The chairman of investment banking giant Goldman Sachs has slammed China’s handling of its economy, adding he would not currently invest in the country, the Wall Street Journal reported today.
Lloyd Blankfein told the paper that China’s broad stock market intervention, including state-funded share buying, as it seeks to shore up slumping prices, was “ham-handed” and “sloppy”.
“They don’t have a lot of experience in this market stuff,” Blankfein, who is also Goldman’s chief executive, said of the ruling Communist authorities.
His comments come after Goldman this month said that it estimated China’s economy was growing at around six percent a year, lower than the official figures of 7.0 percent for each of the first two quarters.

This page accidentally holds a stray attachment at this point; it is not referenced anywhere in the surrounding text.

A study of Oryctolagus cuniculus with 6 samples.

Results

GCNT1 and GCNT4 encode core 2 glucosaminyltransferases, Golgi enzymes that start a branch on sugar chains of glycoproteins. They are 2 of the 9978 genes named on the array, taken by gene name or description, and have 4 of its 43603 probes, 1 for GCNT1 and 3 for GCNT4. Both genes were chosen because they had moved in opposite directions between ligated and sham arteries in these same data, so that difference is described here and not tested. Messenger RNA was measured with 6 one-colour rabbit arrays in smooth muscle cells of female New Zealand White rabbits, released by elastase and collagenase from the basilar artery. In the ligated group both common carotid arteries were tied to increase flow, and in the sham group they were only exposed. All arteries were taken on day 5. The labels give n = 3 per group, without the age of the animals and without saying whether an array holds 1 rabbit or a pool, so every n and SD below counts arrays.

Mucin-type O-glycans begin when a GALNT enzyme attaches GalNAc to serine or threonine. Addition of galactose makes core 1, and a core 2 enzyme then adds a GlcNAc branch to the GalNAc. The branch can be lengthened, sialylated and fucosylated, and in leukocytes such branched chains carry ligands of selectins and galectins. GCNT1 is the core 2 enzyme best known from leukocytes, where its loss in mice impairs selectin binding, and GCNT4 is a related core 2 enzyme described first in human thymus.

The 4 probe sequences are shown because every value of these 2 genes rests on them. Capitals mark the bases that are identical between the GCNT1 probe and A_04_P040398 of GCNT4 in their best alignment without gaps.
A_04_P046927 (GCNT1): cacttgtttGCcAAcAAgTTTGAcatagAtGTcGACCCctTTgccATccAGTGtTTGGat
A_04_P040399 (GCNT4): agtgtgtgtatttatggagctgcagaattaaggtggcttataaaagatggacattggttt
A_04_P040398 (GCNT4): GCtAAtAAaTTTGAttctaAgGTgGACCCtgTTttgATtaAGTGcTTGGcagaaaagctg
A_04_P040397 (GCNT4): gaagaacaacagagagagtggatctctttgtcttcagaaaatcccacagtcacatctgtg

Some analysts fear that the world’s second-largest economy could face a steep decline in expansion — with ramifications for the rest of the world — if it does not pull off difficult reforms to rebalance its model towards domestic consumption.
Blankfein said Chinese leaders “know what the problems are” but changes in policy would be “really hard”.
He added that he “would not invest in China right now”, the newspaper said.
Official figures show Chinese growth slowed in 2014 to its lowest rate for more than 25 years.
The OECD cut its world economic growth forecasts for 2015 and 2016 on Wednesday, warning of a global outlook clouded by uncertainty over China and a slowdown in Brazil.
“The Chinese authorities face the policy challenge to sustain growth while advancing structural change and managing risks,” it said.